Here's how much you'd have to earn to buy a house or condo in Vancouver, according to a study
Condo towers are seen in downtown Vancouver on Saturday, Jan. 9, 2021. (Darryl Dyck / THE CANADIAN PRESS)
VANCOUVER -- A recently released report confirms homeownership remains a distant dream for many living in one of Canada's priciest markets.
The latest Housing Affordability Monitor, a report issued by the National Bank of Canada, estimated just how much a perspective homebuyer would need to earn to be able to afford the typical home currently on the market in the Metro Vancouver area.
The report looks to benchmarks, a metric different than averages, as an indicator for how much a would-be buyer can expect to pay.
The bank estimates the price of the representative condo in the Vancouver area – meaning a condo that is typical of what's been available recently – at $633,030.
When it comes to other types of residential properties, a category the report simply calls "non-condo," homeowners could expect to pay $1,342,184, according to the NBC report.
Unsurprisingly to most, Vancouver's housing supply is the most expensive in the report, followed by the Greater Toronto Area.
In addition to the price itself, the report points out, buyers are expected to provide a higher down payment.
"At a national level, there has never been a worse time to accumulate the minimum down payment," Kyle Dahms and Camille Baillargeon wrote in the report.
To get a better idea of affordability with this initial payment in mind, the report's authors assume the house hunter is able to save 10 per cent of their pre-tax total household income.
Based on the median income, on a national level, it will take 60 months, or five years, for a buyer to save enough to put six per cent down on the representative home.
Down payments and mortgages
In Vancouver – a city where the report's authors say things have actually improved a bit, thanks to a higher median annual income and low interest rates – the monthly mortgage payment as a percentage of household income was the highest in Canada.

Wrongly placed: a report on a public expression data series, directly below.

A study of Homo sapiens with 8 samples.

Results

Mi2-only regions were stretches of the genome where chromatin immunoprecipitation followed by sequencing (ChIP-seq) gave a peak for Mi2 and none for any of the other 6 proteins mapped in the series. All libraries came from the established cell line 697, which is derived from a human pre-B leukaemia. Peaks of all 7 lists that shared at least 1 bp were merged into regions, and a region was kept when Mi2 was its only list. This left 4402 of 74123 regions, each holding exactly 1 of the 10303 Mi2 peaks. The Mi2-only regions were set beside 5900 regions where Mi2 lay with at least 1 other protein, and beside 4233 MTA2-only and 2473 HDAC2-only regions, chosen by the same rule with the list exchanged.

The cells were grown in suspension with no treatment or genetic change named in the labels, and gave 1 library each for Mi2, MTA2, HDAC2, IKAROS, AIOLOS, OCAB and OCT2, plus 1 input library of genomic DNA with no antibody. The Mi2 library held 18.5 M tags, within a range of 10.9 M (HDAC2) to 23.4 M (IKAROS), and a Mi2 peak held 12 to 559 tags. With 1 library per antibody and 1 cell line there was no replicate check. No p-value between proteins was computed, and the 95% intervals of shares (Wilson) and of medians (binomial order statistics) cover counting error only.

The NBC report estimated an earner of the area's median household income of $78,849, according to Statistics Canada, would have to save for 58 months to be able to put enough down on a condo, if they were able to save 10 per cent for the purchase. That's nearly five years.
However, if they wanted to buy a residential property that was a bit larger, they could expect to have to save for 409 months – or 34 years – to put enough money down.
Then, based on that median income, condo buyers could expect to have to spend 38.7 per cent of their income toward their mortgage.
With a down payment of six per cent, buyers of "non-condos" would have put a whopping 82.1 per cent of their salary towards their mortgage.
As a comparison, a buyer earning Toronto's median income could expect to have to save for 51 months (4.25 years) and put 34.5 per cent of their salary toward a mortgage.
Someone looking for a larger space in the city with the same salary would have to save for about 289 months (or 24 years), and fork over 58 per cent of their income for mortgage payments.
The mortgage calculation was based on the assumption of a 25-year amortization period and a five-year term.
The report also looked at also provided what it called a "qualifying income" – which is a metric based on the salary needed to buy a median property, assuming that household puts 32 per cent of its pre-tax income into the mortgage payment, with adjustments for a down payment.
It's likely a frustrating story for many Vancouverites.
The National Bank of Canada estimates a buyer would need a household income of $127,663 to comfortably afford a condo. This is more than 1.6 times the median income of the region.
Those looking for a house or semi-detached house would need, according to the report, to bring home nearly $230,500 a year, or almost three times what the median household income.
And the report predicts things may get worse soon. With the vaccine rollout will come a return to normal market conditions, the authors forecast.
"As a result, affordability is likely to deteriorate on both a mortgage payment and as a percentage of income and down payment basis going forward," Dahms and Baillargeon said.